Olympic Committee visit angers Queens activists

Share on TwitterTweet
Share on Facebook

Get our stories in your inbox, free.

Like TimesLedger on Facebook.

Members of the U.S. Olympic Committee embarked on a two-day tour of the city Tuesday to evaluate New York’s proposal to host the Summer Olympics in 2012 — a plan some Queens activists are fighting because of changes it would bring to Flushing Meadows Corona Park.

At a news conference Monday morning in anticipation of the visit, Mayor Rudolph Giuliani described the Olympics as a perfect event for the city and offered assurances that the major capital improvements required for the Games could be easily completed by the 2012 deadline.

“New York City is the safest large city in America,” Giuliani said. “It’s a place that handles large gatherings and large demonstrations better than any place else in the country.”

The USOC’s Site Evaluation Team spent Tuesday and Wednesday considering the plan drafted by NYC 2012, the organization Giuliani authorized to submit a bid for the Olympic Games on behalf of the city.

The news conference was held on a balcony above the Queens Museum’s panorama of New York City, a 9,400-square-foot scale architectural model that depicts the five boroughs as if seen from an airplane. With a bird’s-eye view of the city in miniature, NYC 2012 founder Dan Doctoroff joined Giuliani to offer a preview of the USOC’s New York tour, which was to be conducted privately without media observation.

The hallmark of the bid is a proposed transportation system called Olympic X designed to rapidly move Olympic participants to their venues without ever putting them on city streets or subways.

Blue neon lines shooting along the panorama marked each axis of the “X” — a north-south ferry route through the East River and an east-west commuter rail path from Queens to New Jersey — along which every competitive venue would be located. The two lines cross at Queens West, a public-private development project on the Hunter’s Point waterfront where the Olympic Village would be set.

Olympic venues were represented on the map with large incandescent towers with Queens having more such towers than any other borough.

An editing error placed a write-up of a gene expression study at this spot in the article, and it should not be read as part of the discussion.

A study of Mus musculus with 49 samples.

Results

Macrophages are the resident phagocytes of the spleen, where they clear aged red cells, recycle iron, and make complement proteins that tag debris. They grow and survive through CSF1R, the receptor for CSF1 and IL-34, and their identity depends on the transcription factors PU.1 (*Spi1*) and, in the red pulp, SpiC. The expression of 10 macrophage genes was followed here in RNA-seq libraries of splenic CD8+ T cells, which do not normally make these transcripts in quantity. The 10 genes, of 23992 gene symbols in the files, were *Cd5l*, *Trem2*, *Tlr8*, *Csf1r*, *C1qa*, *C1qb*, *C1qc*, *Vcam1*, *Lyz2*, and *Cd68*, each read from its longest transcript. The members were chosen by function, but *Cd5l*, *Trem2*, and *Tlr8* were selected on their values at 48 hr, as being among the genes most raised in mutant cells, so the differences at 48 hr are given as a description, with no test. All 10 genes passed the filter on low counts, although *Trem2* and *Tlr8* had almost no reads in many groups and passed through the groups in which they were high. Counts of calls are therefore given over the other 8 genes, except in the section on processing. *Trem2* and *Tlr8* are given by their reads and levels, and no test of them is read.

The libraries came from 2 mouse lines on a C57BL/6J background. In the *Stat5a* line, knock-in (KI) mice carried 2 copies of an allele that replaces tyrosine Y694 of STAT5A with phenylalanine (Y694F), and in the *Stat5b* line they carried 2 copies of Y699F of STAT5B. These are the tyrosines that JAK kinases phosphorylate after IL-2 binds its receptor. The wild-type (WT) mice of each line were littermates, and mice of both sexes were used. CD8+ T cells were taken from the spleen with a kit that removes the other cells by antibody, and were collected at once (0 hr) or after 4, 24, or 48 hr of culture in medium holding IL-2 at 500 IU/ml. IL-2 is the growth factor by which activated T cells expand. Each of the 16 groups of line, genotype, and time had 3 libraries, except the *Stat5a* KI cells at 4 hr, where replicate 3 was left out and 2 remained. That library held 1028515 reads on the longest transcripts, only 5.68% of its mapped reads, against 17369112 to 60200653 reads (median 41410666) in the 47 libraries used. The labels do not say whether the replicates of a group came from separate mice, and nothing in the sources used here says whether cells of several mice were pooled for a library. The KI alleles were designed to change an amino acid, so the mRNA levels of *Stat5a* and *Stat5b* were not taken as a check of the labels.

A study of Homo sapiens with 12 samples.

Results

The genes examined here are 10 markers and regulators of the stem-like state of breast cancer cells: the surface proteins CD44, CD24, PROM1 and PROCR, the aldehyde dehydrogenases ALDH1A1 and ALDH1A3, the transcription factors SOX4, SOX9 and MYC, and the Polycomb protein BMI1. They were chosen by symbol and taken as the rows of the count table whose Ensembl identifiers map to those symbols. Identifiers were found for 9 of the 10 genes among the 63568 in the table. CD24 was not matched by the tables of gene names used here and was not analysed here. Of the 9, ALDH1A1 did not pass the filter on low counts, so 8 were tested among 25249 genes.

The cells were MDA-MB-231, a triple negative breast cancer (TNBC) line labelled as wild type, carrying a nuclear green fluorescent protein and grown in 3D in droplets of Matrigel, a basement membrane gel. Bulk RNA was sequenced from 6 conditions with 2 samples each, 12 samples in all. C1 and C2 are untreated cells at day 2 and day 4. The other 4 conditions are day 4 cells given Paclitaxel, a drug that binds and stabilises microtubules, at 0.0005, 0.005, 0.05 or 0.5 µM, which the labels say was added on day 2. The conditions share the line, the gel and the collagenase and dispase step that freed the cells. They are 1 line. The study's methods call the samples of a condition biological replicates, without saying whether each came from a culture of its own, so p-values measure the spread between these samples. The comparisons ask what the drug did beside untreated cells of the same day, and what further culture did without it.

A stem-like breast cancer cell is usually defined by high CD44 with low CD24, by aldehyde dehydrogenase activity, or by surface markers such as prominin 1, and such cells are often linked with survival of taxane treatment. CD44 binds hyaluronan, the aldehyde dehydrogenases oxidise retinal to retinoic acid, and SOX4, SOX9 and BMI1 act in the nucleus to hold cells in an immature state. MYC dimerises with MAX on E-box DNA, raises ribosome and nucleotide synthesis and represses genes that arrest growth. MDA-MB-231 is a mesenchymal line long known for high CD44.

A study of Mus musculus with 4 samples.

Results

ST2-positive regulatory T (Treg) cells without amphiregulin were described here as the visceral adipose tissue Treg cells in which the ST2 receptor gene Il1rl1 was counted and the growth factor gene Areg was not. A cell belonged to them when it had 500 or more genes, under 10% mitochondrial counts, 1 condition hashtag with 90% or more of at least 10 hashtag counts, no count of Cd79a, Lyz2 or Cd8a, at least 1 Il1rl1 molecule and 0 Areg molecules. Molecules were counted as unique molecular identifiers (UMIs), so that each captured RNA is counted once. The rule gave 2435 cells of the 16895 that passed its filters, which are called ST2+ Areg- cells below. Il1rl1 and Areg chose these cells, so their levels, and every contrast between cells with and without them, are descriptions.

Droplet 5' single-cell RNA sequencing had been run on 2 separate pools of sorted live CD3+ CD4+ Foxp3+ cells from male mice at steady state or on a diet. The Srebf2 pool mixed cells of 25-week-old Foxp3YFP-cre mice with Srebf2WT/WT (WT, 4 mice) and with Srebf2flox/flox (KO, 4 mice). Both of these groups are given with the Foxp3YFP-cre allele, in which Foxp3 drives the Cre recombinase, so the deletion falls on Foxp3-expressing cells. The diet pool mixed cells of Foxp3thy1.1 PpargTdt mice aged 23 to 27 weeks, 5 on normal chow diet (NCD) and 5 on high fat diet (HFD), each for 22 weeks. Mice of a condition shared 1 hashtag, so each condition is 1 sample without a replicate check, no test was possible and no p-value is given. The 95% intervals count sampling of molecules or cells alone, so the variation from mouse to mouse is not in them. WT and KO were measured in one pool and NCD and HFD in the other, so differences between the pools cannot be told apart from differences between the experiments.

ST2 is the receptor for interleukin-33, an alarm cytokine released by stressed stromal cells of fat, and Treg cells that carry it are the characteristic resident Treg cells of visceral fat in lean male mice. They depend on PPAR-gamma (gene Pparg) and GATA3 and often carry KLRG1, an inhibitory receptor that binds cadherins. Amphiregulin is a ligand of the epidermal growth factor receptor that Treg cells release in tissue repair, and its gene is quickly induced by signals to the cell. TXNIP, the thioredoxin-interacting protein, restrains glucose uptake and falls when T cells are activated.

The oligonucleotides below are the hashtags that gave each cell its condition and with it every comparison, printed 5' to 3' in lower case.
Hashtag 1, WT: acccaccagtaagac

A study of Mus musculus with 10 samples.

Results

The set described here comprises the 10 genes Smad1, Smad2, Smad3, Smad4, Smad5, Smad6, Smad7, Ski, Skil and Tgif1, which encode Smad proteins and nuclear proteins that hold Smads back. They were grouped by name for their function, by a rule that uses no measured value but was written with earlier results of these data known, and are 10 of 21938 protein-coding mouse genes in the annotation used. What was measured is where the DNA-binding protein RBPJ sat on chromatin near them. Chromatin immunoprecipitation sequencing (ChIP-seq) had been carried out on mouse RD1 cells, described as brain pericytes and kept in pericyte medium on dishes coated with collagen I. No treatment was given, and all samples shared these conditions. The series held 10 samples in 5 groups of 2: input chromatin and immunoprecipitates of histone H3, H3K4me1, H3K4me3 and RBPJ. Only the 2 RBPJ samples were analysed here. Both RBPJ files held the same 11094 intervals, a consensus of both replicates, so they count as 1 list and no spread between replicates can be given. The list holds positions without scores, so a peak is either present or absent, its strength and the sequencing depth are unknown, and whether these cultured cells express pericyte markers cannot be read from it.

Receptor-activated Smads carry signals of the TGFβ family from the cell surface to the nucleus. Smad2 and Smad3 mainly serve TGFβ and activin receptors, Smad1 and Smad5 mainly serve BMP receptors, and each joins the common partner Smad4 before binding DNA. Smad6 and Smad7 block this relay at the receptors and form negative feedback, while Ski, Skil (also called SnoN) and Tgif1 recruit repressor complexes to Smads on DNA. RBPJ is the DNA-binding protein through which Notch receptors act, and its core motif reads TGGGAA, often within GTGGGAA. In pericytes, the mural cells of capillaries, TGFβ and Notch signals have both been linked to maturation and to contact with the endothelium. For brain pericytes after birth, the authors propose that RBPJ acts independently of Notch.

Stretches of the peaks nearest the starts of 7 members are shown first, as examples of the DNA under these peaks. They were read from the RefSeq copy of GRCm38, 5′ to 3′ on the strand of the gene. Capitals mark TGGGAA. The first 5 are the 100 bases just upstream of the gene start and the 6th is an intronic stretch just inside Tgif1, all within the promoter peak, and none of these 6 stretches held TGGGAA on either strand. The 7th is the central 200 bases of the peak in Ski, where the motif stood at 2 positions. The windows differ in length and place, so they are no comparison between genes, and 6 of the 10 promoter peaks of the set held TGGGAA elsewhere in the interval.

The proposal calls for many of the Olympic water competitions to be held at the Astoria Pool and at Flushing Meadows Corona Park. Both sites would have to undergo extensive renovations to accommodate Olympic-scale competition.

Although naysayers have questioned whether New York could complete all the necessary capital improvements between 2005 — when the host city for the Games will be selected — and 2012, Giuliani cited the recent construction of two minor league ballparks as evidence of the city’s ability to handle development projects quickly.

“The time period is quite an extensive one compared to the time periods we usually have to get things done,” Giuliani said.

Doctoroff said the price tag for the Games — including $2.1 billion in operation costs and $1.2 billion to make major capital improvements to sports venues throughout the city — would be financed without any public funding through ticket sales, television rights and private sources.

The proposal to combine Meadow Lake and Willow Lake to create a Regatta Center at Flushing Meadows Corona Park has drawn the ire of community activists, who say the environmental impact would mean years of review and disrupt communal parkland that is actively used by Queens residents and visitors.

Pat Dolan, vice president of the Queens Civic Congress, told a public forum last week that her coalition “will oppose any effort to site the water sports at Flushing Meadows and around those lakes.”

Dolan urged NYC 2012 to find an alternative site and withdraw its proposal to host water sports at the park.

The USOC is expected to pare down the list of American contenders before the 2002 Winter Olympics in Salt Lake City, and will choose the candidate city in the fall of 2002. The International Olympic Committee will select the host of the 2012 Games in the fall of 2005.

Reach reporter Dustin Brown by e-mail at or call 229-0300, Ext. 154.

Posted 7:16 pm, October 10, 2011
Today’s news:
Share on TwitterTweet
Share on Facebook

Get our stories in your inbox, free.

Like TimesLedger on Facebook.

Reader feedback

Enter your comment below

By submitting this comment, you agree to the following terms:

You agree that you, and not or its affiliates, are fully responsible for the content that you post. You agree not to post any abusive, obscene, vulgar, slanderous, hateful, threatening or sexually-oriented material or any material that may violate applicable law; doing so may lead to the removal of your post and to your being permanently banned from posting to the site. You grant to the royalty-free, irrevocable, perpetual and fully sublicensable license to use, reproduce, modify, adapt, publish, translate, create derivative works from, distribute, perform and display such content in whole or in part world-wide and to incorporate it in other works in any form, media or technology now known or later developed.

Community News Group

Don’t miss out!

Stay in touch with the stories people are talking about in your neighborhood:

Optional: Help us tailor our newsletters to you!